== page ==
Nora and I tromped down the hill together this morning, kicking through a deep layer of new white snow on our way to chores in the barn. We filled water buckets, cleaned out wheelbarrows-full of manure, refilled mangers with hay, fed a bottle of warm milk to the youngest calf. Outside the world was white and hushed, inside it was alive with the chatter of a seven year old, the munching of horses, the occasional bleat of a sheep.
We were cold by the the time we came home to our cups of tea and hot chocolate, but already, at the beginning of our day, we had done something together that was essential at least to the ten or so animals we cared for, and we had done it well and carefully. We had chatted with our neighbor who was milking cows and noticed the feel of snow on our eyelashes. By eight in the morning one child had done real work, tending, feeding and caring for the source of part of her own sustenance.
I would do this with her anyway, whether I held this huge responsibility to the future, or not. Whether I felt the need to find ways to live that contributed less to climate change or not. But, knowing that local organic food uses less fossil energy means that our wintery chores this morning gives my family, in a small way, an answer to "what should we do about climate change?"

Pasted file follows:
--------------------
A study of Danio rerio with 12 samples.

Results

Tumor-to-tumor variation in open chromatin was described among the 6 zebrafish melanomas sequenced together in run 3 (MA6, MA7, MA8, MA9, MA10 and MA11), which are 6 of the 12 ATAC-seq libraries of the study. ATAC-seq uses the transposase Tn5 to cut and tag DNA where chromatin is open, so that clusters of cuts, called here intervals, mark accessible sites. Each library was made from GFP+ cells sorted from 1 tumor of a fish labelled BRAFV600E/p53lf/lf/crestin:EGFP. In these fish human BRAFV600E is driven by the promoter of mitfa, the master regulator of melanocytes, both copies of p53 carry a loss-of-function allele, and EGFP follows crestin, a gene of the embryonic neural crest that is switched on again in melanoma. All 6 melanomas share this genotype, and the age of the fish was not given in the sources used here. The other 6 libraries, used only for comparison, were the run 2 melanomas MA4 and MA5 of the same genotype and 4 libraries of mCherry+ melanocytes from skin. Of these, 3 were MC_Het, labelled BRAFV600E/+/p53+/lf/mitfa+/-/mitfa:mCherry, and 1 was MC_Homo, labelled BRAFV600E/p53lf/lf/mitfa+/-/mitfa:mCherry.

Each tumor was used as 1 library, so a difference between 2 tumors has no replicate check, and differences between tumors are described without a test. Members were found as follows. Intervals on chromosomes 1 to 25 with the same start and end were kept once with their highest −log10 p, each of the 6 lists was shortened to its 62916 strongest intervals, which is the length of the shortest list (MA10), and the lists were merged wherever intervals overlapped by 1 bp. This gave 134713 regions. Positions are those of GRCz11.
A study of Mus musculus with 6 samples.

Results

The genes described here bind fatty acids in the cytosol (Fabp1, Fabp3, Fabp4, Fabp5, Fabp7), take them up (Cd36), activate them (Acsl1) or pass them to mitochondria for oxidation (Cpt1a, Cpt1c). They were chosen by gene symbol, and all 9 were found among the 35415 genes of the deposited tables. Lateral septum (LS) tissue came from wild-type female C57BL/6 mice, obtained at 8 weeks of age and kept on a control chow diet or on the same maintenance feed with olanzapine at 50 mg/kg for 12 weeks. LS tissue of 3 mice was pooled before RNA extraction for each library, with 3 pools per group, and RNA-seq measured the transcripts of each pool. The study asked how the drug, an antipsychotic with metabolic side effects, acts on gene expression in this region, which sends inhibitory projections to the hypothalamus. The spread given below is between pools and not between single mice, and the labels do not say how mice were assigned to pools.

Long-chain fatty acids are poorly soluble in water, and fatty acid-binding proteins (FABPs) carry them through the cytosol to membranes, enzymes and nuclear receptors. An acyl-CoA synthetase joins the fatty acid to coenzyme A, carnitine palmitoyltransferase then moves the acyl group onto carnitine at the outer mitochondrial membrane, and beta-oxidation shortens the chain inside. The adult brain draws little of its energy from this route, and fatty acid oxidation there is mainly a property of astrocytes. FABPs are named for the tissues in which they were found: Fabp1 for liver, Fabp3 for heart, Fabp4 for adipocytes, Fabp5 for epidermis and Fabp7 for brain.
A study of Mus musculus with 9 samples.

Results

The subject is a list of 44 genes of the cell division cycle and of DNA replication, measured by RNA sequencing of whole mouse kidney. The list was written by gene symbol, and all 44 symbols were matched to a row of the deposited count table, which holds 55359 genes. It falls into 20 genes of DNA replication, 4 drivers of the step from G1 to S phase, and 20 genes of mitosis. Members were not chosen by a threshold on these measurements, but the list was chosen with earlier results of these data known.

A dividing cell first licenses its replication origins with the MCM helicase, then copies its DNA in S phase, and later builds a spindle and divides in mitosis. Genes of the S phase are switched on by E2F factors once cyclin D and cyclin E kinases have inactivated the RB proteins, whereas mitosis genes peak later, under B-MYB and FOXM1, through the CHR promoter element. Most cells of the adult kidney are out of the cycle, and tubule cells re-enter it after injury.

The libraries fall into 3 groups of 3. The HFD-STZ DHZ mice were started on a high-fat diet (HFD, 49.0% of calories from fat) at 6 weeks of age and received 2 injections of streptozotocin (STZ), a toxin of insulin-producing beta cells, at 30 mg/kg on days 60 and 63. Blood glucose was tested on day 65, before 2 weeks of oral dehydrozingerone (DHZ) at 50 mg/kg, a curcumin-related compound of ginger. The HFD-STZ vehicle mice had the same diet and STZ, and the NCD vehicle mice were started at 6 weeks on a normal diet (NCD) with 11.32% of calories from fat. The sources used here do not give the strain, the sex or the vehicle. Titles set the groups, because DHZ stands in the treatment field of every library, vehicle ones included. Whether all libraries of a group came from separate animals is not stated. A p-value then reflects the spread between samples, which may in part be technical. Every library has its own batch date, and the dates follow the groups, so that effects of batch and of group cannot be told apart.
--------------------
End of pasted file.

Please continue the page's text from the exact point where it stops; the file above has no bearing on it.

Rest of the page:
In the world of policy makers and engineers that question is usually answered with ideas about technology and markets, both of which should, by all means, be applied to the challenges before us.
But I know, from my own experience, that the universe of possibility for responding to climate change stretches far, far beyond cap-and-trade policy and carbons sequestration technology. Not always, but much of the time, this universe stretches in directions that are also beautiful, healthy, and full of meaning. This universe of possibility stretches, also in ways that could help build the kind of resilient communities that will have the best chances of riding smoothly through the instabilities of a changing climate.
For me and my family many of the possibilities are centered around taking care of our needs through our own work on our community's land. That's what makes sense to us here, in our rural river valley.
Elsewhere the intersections of what reduces greenhouse gas pollution, builds resiliency, and is fun and satisfying may look very different. Elsewhere this may look like watershed restoration or community theater or a rebirth of local manufacturing.
To know what is possible, to begin to imagine and create it, we need to ask not just the experts, but ordinary people in ordinary places. What are those intersections for the heart of Detroit, for the plains of Kansas, for the small towns of Mississippi?